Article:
The ceilidh principle - you must take part

25th September 2009 at 01:00
A former headteacher brings a novel approach to her new job as depute principal of Newbattle Abbey College

It seems, on the face of it, an intriguing career move: from secondary headteacher to depute principal of Scotland's only adult residential college.

But given Marian Docherty's diverse career to date, including spells as a senior lecturer in FE, a national development officer and an HMI, her recent appointment to Newbattle Abbey College begins to looks more natural.

As head of St David's High in Dalkeith until August this year, Mrs Docherty already had strong links with the college, including helping to set up an ESOL Family Learning Partnership for Polish pupils and parents at St David's. And with HMI in the 1990s, she worked alongside the current principal of the college, Ann Southwood.

"When I was with the inspectorate in the 1990s, my remit included adult education and guidance and I was very aware of Newbattle and its values and traditions. This was also a time when I was beginning to gain a real sense of how the different sectors of Scottish education were linked," she says.

"I understand how systems work. My career has been diverse and this has given me an overview of different sectors, including primary, secondary, FE, voluntary and community. My experience has taught me that people need to work in partnerships and they need to understand and respect each other.

"You can achieve anything if you have a common agenda."

Pursuing partnerships is high on the new depute principal's agenda. Although only in post since the end of last month, Mrs Docherty is planning a "Pan Celtic Programme" to include potential partners as diverse as the Scottish Arts CouncilCreative Scotland, Historic Scotland, the Heritage Trust, the Scottish Storytelling Centre, the Scottish Mining Museum, Sabhal Mor Ostaig, university departments, local authorities, community education groups and schools.

"The programme builds on Newbattle's tradition of promoting literature, creative writing, history and Scottish culture within our heritage site. It will incorporate our storytelling course and festival in a wider cultural programme, linked to Celtic traditions across Europe - including those of Scotland, Ireland, Wales, Brittany, Cornwall, Galicia and the Isle of Man," she says.

Starting with a St Andrew's Night ceilidh in November, drawing guests from potential and existing partners, she hopes to establish a Celtic Festival next May. This would act as a springboard for courses relating to history, literature, the Gaelic and Scots languages, music, dance and story- telling (offering progression to FEHE options). It could also embrace broadcasting skills; Curriculum for Excellence programmes tailored to schools; continuing professional development; and family learning courses.

The college already has a "concordat" with the Forestry Commission Scotland (FCS) to promote woodland management and education (Newbattle has 125 acres of protected woodland), which she hopes will dovetail with the Pan Celtic Programme.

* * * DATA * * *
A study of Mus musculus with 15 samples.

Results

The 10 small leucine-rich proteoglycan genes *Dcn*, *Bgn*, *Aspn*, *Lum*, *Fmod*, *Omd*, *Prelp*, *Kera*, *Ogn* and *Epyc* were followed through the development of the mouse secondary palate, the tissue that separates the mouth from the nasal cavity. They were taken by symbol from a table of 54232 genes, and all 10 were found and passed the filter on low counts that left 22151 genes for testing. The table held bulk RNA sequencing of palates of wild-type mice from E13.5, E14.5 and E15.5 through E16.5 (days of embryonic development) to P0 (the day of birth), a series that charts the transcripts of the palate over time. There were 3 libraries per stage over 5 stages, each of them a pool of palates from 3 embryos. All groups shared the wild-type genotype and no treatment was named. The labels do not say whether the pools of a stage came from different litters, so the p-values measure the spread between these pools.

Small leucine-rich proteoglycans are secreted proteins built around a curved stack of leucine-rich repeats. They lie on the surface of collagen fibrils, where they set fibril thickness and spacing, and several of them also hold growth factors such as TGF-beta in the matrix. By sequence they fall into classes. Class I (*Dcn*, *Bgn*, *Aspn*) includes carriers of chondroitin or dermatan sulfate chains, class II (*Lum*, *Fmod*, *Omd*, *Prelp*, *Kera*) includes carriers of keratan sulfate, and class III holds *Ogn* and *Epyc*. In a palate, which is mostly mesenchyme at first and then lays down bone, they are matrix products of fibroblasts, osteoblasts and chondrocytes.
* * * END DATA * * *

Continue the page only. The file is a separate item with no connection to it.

"Through the forestry partnership, we hope to establish outdoor classrooms, encourage school visits to our woodlands with ranger support, involve pupils with special needs, develop programmes for disaffected young people and offer vocational options in conservation, forestry, land management and horticulture, all of which will help promote cultural heritage" she says.

It's a busy agenda, but one advantage of her new post, says Mrs Docherty, is that it gives more time for strategic planning. She is not as sorely pressed with matters of operational planning and day-today management as she was when a secondary head.

Helping to oversee the full-time one-year residential course in Arts and Humanities, now with 60 students, remains central to her remit, as does the development of a new part-time two-year course the college is piloting with 10 students.

"We are a national, not a local college, and our mission is to extend access to education as a national facility open to everyone. It is about pursuing and celebrating inclusion and that includes local and international links.

"It's a very exciting time in Scotland and anything that promotes Scottish educational opportunities can only be good."

Her strategic thinking is based on what she calls, slightly tongue-in- cheek, "the ceilidh principle". As headteacher at St Thomas of Aquin's High in Edinburgh and St David's High in Dalkeith, Mrs Docherty (a traditional fiddler) formed ceilidh bands involving pupils and staff.

The Newbattle Abbey College Community Ceilidh Band will premiere at the forthcoming St Andrew's Night Ceilidh.

"The principle of the college is the principle of the ceilidh. You come to take part. You have to take part. I'm very insistent and persistent about this. You bring your skills and we all work together to produce and to celebrate the genuine life-changing opportunities which Newbattle represents and provides," she says.

Marian Docherty replaces Norah Fitzcharles who retired as depute principal, though she has not severed links entirely. She has returned to begin teaching another new course at Newbattle: beekeeping.

A hive of activity, indeed.


1976: Graduated from Edinburgh University with Honours in English and Italian.

1976-77: PGCE at Craiglockhart College of Education, Edinburgh.

1977-81: English teacher, St Augustine's High, Edinburgh.

1981-84: Children and family time.

1984: English teacher, Holyrood High, Edinburgh.

1984-88: Senior lecturer in English and communications, Lauder (Carnegie) College, Fife.

1989-90: National development officer for Scottish Flexible Learning Projects.

1991-97: HMI.

1997-2003: Headteacher, St Thomas of Aquin's High, Edinburgh.

2003-09: Headteacher, St David's High, Dalkeith.

2009-: Depute principal, Newbattle Abbey College.